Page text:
Kym Clark was working at a coal mine in Queensland a few years ago when she noticed her heavily pregnant manager wearing an open high visibility shirt over a singlet.
“It made me stop and take notice. Unlike women in other industries who can order maternity wear, the mining industry didn’t have a single option like this. I wanted to change this. I had to change this!” said Kym.
After exploring high visibility workwear options, Kym was left disappointed with what she found.
While Kym knew nothing about making clothes, she knew she could make a positive change for women in the industry by introducing a new maternity high visibility workwear range.
So in 2013, She’s Empowered was born.
It wasn’t always smooth sailing for Kym in the start-up phase.
“Right before my first shipment of stock, I experienced problems with my overseas manufacturer. I had to travel to China and look for new options, and basically start the entire process again,” said Kym.
“About 18 months after launching the world’s first high visibility maternity shirt, I found a competitor had completely copied my design and was selling them in the market. It was eye opener, but it made me realise how passionate I am about this business and the impact it is having on women in the industry, and I pushed on.”
As the sole decision maker in her business, there are fewer hoops to jump through when companies need something custom made, and as a woman in mining, she can empathise with her customers’ particular requirements and deliver exceptional customer service.
“If women need extra reflective tape for their job, I can sew this on for them. If they need shorts, I’ve done that too when they haven’t been a stocked item. I do what I can with the limited resources I have. And I think this is what sets me apart,” said Kym.
While Kym goes above and beyond for her customers when she can, she finds that lack of finance is sometimes a barrier.
“As a small business, I am still limited by my financial resources, making it hard to accommodate everyone, even though I’d like to,” said Kym.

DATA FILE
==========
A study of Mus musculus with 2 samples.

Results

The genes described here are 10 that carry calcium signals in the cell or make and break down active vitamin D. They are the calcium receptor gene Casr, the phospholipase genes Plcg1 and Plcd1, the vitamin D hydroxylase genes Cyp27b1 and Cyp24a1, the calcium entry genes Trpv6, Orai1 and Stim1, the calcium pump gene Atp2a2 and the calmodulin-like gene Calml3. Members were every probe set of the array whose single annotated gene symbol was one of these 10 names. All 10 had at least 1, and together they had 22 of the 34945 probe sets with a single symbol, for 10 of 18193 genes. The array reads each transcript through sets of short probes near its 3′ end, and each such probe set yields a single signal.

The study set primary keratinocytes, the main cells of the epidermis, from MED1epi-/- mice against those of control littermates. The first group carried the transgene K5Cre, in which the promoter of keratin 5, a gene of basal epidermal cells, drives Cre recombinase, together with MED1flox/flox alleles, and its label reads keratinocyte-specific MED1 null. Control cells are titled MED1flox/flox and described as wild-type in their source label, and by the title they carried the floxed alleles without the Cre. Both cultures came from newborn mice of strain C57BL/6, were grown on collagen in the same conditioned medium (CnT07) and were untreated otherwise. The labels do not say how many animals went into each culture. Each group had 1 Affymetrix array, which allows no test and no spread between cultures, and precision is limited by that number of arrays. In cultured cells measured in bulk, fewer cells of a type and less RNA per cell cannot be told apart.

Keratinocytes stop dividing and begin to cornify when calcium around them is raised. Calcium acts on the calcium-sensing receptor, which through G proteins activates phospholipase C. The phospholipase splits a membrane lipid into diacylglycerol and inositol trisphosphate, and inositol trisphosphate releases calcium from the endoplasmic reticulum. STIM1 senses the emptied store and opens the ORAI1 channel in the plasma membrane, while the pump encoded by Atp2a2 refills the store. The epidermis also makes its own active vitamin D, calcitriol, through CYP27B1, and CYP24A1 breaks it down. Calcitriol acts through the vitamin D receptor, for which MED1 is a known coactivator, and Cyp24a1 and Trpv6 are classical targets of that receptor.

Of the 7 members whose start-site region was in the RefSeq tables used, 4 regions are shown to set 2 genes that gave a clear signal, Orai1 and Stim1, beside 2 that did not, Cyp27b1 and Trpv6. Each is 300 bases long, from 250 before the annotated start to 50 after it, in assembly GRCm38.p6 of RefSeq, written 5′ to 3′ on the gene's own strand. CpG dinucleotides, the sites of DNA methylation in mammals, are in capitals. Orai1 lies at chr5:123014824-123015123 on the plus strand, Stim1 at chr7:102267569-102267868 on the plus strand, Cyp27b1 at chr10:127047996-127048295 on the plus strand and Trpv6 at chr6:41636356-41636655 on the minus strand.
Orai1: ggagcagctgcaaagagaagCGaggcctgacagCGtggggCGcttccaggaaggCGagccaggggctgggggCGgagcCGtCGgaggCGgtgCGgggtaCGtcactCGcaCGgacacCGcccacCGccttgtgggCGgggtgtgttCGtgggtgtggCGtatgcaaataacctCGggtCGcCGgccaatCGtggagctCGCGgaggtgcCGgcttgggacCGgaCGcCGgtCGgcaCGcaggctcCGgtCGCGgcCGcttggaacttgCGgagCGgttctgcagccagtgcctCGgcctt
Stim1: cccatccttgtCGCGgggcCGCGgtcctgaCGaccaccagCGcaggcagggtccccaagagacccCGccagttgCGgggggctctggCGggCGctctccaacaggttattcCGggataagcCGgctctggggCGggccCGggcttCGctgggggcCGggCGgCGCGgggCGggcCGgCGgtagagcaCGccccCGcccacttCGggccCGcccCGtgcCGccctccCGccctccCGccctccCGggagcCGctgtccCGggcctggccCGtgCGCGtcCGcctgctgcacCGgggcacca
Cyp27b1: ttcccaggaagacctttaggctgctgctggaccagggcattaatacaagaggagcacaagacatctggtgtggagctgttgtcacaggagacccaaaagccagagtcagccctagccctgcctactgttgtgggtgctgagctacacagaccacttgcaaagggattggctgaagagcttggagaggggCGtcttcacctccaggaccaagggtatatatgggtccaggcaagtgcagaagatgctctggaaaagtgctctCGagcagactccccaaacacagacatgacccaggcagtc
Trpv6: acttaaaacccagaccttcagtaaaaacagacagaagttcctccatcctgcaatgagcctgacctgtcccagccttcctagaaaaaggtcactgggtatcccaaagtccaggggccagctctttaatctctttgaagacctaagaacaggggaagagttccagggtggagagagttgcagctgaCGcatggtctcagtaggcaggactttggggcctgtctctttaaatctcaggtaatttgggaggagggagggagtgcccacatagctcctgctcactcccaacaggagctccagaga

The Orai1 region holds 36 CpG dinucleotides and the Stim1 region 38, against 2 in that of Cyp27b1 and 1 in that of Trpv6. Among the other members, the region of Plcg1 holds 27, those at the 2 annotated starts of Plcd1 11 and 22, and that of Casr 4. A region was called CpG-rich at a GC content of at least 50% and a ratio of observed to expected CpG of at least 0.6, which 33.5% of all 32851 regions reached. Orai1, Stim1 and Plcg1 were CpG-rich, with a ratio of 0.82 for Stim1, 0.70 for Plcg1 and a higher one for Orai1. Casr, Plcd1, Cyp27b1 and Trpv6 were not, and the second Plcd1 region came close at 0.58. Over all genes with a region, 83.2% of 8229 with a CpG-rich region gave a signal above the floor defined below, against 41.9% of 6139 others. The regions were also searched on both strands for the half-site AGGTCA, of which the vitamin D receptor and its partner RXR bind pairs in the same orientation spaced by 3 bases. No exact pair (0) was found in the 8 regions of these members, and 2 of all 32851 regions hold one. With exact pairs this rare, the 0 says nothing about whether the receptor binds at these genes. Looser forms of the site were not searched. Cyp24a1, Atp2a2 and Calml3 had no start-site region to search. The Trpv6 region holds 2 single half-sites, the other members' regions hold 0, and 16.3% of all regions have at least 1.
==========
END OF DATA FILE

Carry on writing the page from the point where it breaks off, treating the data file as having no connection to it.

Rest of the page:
“I get asked to extend my sizing, introduce a new colour, and bring in new products, but I need to grow at a pace I am comfortable with. Many people don’t realise there are minimum order quantities to place with manufacturers, which can be tens of thousands of dollars up front, that I need to know I can make back.
“I always do what I can within my means to tailor a solution to my customers, but when it’s not possible, it’s heartbreaking.”
Kym is a strong advocate for achieving gender equality in the mining industry. Through She’s Empowered, Kym gives mining companies the opportunity to buy and supply women’s workwear to their staff. This is great for their recruitment messaging and ongoing support of women in mining.
She is also providing this opportunity through word of mouth at networking events and via media channels.
Kym recently launched a website called High Visibility, which aims to shine a light on work and home life to help individuals grow professionally and personally through shared stories of challenge and resilience. High Visibility recognises that inclusion and diversity requires collaboration from men and women in the industry and across all levels of decision making.
So what does the future look like for Kym and her businesses?
“The range continues to grow which excites me. From one maternity shirt to having a range of shirts, cargos and now a 4-in-1 jacket, the brand is solving many more problems in the industry for women than just maternity wear. New and exciting developments are also around the corner, but right now, I’m focussed on establishing High Visibility and making this the go-to industry news and resource hub for men and women,” said Kym.
“To other women in similar situations, I can only urge you to forget your competition and focus on you. Don’t just know your strengths and opportunities – you have to believe in them. And don’t be afraid to pick up the phone to anyone. The worst case scenario is they say no to you, then you just reassess and try someone else. Life is all about timing - a no now doesn’t mean a no forever. Keep persevering.”